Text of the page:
Article: The King Is Dead
It's like rock and roll never happened.
An inescapable insight emerges from the lockdown: today’s young are not what the young once were. Scanning western streetscapes, it is hard to miss that the ones wearing face masks are not overwhelmingly — as one might expect — the old and vulnerable, but include a disquieting number of youngsters, all but immune to SARS-CoV-2, who wear their acquiescence in the current plunge into tyranny like a pendant of courage along with their Nike Airs and Buck Mason Mavericks.
It’s like rock ’n’ roll never happened. Or, rather, as if the rock ’n’ roll spirit had never proclaimed the rejection of slavery and subjugation. Once social distancing restrictions are canceled (if they are) these young people will flock again to hear Coldplay and U2, oblivious to something ineluctable in themselves: they are missing the point. Try as you might, you will not find a photograph anywhere of John Lennon wearing a face mask — although you can purchase a ‘John Lennon face mask’ with the slogan ‘War is over’ for $10. You can also get an Elvis mask offering ‘three layers of protection’, with a choice of legend: ‘Always on my mind’ or ‘TCB’. There’s even one of Johnny Cash giving the finger — why not get the point while missing it?
For more than a half-century, rock ’n’ roll was central to the formation and initiation of young westerners, influencing, inspiring, broadening horizons. Born of the congress between black music and white, this revolutionary form exploded in 1953 in Sam Phillips’s studio in Memphis, before going on to create, for the first time in history, a bespoke youth consciousness with its own soundtrack. From the opening notes of ‘That’s All Right’, Elvis urged the world to awake to freedom, desire, change, life, calling ‘Time!’ on post war torpor and weariness. His early songs were the manifesto of a new sensibility that declined the strictures of existing authority and the infallibility of adulthood.
The rock ’n’ roll spirit was neither primarily ideological nor big-P political, but an existential refusal, born of the surprise of the rock ’n’ roll encounter, which instantly inoculated against the acquiescent or banal. The rebellion was as much image as sensibility, attitude as conviction. It repudiated all forms of authority from parental to divine and asserted the vindication of human desire in its most immediate forms as the defining ethic of the age. The energy of those early moments later energized a decade, the Sixties — especially 1968 and its rejection of the political assumptions of the time. Sam Phillips later said that, until Elvis walked in the door, he hadn’t known what he was looking for. He just knew it would be something uniquely new, something that didn’t fit, didn’t make any sense of or reflect life in America as it then was: something that made everything a little bit irrelevant, created confusion, didn’t allow people to feel safe in ways they’d grown used to.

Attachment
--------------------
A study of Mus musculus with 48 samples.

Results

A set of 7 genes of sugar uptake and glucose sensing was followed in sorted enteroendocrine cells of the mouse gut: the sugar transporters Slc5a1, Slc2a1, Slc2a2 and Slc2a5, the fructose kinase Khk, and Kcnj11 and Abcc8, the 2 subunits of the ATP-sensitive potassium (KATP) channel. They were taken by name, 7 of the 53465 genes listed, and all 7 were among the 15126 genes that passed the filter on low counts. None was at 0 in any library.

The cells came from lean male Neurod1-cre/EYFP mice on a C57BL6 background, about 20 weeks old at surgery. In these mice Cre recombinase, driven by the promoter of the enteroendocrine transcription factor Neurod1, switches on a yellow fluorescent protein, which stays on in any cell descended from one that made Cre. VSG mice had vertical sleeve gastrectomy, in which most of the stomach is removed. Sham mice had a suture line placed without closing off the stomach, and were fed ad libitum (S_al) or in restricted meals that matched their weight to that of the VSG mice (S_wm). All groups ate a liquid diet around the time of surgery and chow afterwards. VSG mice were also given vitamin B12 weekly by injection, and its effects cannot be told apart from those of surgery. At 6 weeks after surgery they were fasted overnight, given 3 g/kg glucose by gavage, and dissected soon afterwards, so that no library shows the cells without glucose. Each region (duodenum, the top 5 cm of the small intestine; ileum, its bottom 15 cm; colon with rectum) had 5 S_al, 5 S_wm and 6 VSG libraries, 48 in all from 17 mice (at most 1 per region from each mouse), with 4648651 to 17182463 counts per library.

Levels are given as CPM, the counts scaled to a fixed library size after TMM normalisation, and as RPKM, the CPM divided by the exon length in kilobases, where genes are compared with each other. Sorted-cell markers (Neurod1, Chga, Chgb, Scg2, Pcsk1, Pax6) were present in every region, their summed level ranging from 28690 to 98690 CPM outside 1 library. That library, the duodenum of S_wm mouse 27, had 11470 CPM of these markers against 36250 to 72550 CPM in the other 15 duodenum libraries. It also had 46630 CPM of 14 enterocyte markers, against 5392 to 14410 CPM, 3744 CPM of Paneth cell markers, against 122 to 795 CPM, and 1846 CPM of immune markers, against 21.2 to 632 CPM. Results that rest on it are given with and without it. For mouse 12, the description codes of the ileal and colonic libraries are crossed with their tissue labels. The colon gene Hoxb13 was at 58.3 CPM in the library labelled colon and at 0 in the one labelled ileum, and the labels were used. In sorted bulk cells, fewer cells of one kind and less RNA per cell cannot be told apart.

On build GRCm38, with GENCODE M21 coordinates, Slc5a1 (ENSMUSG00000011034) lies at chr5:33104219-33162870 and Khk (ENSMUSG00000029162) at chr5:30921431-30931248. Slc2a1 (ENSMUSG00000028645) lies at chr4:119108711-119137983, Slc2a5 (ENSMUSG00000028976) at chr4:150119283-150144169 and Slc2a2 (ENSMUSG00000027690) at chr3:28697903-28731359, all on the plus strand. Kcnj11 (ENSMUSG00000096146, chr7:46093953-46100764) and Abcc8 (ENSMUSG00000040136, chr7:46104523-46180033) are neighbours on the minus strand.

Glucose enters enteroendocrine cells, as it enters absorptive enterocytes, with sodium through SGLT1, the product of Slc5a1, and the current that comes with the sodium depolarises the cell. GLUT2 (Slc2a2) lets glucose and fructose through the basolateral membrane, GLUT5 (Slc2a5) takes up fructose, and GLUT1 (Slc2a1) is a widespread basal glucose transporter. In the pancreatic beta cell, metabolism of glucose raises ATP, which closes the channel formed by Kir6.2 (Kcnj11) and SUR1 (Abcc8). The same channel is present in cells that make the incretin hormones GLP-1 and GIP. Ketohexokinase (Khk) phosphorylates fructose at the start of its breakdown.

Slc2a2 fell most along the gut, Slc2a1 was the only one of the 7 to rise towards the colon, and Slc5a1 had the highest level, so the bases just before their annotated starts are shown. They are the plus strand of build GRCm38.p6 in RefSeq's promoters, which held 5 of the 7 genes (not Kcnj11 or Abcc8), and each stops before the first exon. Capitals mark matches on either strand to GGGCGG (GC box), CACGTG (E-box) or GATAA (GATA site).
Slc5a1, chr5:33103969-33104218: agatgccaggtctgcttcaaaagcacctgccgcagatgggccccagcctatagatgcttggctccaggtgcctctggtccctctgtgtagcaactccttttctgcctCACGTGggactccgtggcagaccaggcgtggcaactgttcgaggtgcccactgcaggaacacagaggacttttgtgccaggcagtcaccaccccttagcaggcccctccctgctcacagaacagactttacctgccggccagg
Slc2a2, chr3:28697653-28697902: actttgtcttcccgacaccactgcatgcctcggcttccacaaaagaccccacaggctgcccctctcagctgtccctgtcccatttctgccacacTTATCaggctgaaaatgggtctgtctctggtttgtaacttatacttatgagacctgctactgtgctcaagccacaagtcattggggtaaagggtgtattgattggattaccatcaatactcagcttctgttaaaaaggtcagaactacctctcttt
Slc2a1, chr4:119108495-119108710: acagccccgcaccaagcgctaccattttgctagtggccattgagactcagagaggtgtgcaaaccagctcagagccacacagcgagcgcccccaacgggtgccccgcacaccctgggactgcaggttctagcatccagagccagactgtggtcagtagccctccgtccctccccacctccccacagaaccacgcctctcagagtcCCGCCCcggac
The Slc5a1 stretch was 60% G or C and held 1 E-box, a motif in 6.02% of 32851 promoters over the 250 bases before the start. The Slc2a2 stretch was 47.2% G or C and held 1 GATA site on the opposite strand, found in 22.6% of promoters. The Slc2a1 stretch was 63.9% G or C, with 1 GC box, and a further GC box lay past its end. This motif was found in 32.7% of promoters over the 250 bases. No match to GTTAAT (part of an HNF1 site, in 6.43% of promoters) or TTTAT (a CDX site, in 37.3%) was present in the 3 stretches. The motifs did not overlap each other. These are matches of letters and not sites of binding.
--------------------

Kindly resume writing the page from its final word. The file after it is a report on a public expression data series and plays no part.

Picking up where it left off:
This existential shopping list hardly describes the rock ’n’ roll kids of 2020, who happily wear face diapers that are unnecessary, useless, spiritually destructive and actively harmful to the wearer’s health. Instead of an existential revolution or even the soundtrack for one, millennials have given us in cancel culture a phenomenon that has unleashed a trembling unknown since the days of Joe McCarthy, diverting their own idealism into trolling and snitching one another up for any shortfall in compliance with the diktats of PC.
To read the rest of this article published in the January edition of The Spectator USA, please click here.